Millionaire businessman Willie Wilson isn’t the only vanquished mayoral candidate jumping on the Lori Lightfoot bandwagon. So is Gery Chico.
Citing Lightfoot’s political independence and her track record as a former federal prosecutor, Chico on Thursday joined Wilson and Paul Vallas, his former partner at Chicago Public Schools, in endorsing Lightfoot.
In a telephone interview, Chico pointed to the unfolding corruption scandal that threatens to bring down the entire power structure in Chicago and Illinois.
It saw former Zoning Committee Chairman Danny Solis (25th), the City Council’s second-most powerful alderman, wear a wire to help the feds build their corruption case against the most powerful alderman, Edward Burke (14th), who has since been deposed as chairman of the Finance Committee.
Solis agreed to go undercover only after being confronted with the sordid corruption allegations the feds had compiled while tapping his phone and placing him under surveillance.
“Lori will be stronger on ethics reforms — and those are necessary right now, given some of the things you’re seeing emerge from the Council,” said Chico, a longtime friend of Burke’s who worked under him at the Finance Committee during Council Wars.
“Her background as a prosecutor will serve her well in what’s going to obviously be the first phase of the administration — to deal with the fall-out from the corruption in the City Council that we’re seeing. … Her background will help in instituting these new ethics reforms that have to clean this up in a hurry.”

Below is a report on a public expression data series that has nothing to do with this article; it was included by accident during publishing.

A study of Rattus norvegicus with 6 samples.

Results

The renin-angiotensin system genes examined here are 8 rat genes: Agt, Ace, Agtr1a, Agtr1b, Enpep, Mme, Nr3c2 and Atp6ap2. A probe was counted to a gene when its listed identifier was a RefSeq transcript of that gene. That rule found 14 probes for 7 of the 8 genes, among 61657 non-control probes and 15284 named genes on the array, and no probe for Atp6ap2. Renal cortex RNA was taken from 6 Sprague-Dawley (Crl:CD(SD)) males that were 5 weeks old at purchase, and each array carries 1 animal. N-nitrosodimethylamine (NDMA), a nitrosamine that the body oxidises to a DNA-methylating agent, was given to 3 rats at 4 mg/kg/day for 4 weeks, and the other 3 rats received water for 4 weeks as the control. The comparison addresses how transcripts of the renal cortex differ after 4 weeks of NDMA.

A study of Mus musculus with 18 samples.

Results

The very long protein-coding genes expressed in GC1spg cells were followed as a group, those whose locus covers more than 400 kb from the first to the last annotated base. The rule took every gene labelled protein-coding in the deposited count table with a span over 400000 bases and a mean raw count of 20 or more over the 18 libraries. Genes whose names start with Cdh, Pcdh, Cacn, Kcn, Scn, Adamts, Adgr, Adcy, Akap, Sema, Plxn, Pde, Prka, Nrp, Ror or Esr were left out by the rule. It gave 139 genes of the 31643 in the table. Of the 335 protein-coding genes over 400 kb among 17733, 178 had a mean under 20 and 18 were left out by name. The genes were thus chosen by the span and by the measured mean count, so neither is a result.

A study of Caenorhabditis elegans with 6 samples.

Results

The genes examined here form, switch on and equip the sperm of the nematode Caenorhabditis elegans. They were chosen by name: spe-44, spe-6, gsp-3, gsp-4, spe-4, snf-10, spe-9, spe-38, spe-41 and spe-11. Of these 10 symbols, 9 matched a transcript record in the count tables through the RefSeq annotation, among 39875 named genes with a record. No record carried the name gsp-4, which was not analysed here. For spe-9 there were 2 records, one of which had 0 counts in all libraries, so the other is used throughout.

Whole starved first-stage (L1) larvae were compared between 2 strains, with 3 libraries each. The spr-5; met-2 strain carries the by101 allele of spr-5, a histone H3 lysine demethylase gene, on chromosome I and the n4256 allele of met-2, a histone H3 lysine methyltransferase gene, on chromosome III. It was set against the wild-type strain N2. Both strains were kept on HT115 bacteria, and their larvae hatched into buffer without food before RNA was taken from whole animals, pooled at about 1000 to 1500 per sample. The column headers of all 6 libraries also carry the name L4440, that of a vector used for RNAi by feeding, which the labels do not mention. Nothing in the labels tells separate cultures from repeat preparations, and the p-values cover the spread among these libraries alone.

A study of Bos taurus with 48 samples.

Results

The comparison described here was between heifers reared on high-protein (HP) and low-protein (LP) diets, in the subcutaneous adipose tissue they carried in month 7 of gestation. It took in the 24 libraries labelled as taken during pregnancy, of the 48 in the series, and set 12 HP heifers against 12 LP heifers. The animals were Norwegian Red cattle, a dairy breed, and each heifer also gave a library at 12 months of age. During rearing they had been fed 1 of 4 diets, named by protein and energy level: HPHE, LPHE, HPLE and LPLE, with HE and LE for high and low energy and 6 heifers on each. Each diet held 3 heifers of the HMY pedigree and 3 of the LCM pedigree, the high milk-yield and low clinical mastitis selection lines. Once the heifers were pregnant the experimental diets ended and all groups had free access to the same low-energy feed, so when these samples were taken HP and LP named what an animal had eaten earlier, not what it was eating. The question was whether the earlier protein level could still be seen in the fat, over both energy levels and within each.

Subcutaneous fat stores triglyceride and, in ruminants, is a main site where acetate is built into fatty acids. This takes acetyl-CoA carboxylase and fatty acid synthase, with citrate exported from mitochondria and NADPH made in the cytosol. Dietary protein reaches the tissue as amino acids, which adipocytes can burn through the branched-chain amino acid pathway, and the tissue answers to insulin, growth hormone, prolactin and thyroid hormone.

On the campaign trail, Chico railed against Toni Preckwinkle’s ill-fated soda tax and penny sales tax and warned repeatedly about the Chicago Teachers Union’s endorsement of her after she embraced the CTU’s entire education agenda.
Preckwinkle has insisted that won’t compromise her ability to negotiate a new teachers contract that beleaguered Chicago taxpayers can afford.
Chico reiterated Thursday that he doesn’t buy it.
“The teachers union has really lined up squarely behind Toni Preckwinkle. She’s gonna cave, cave, cave first and then tax, tax, tax. And that’s just not a healthy situation,” Chico said.
“We need independence to make the best decisions for our families in schools. Lori’s in a better position to do that right now in not having to be beholden to the largest labor group at CPS.”
Vallas hinted at an endorsing Lightfoot on election night and made it official earlier this week.
Unlike Chico, he could be angling for a top job in a Lightfoot administration — either at CPS, or as city budget director or chief financial officer.
On Feb. 26, Chico got 6.2 percent or 34,521 votes. Vallas was close behind with 5.4 percent, or 30,236.
Wilson got 10.6 percent (59,072 votes). But, his support was more coveted because he won 13 South and West Side wards.
Now, Lightfoot has support from three of her former rivals, including Wilson.
Bill Daley, who finished third, and Susana Mendoza who came in fourth, have yet to endorse anyone in the runoff. Neither has Jerry Joyce, who cost Daley a spot in the runoff, Amara Enyia or Garry McCarthy.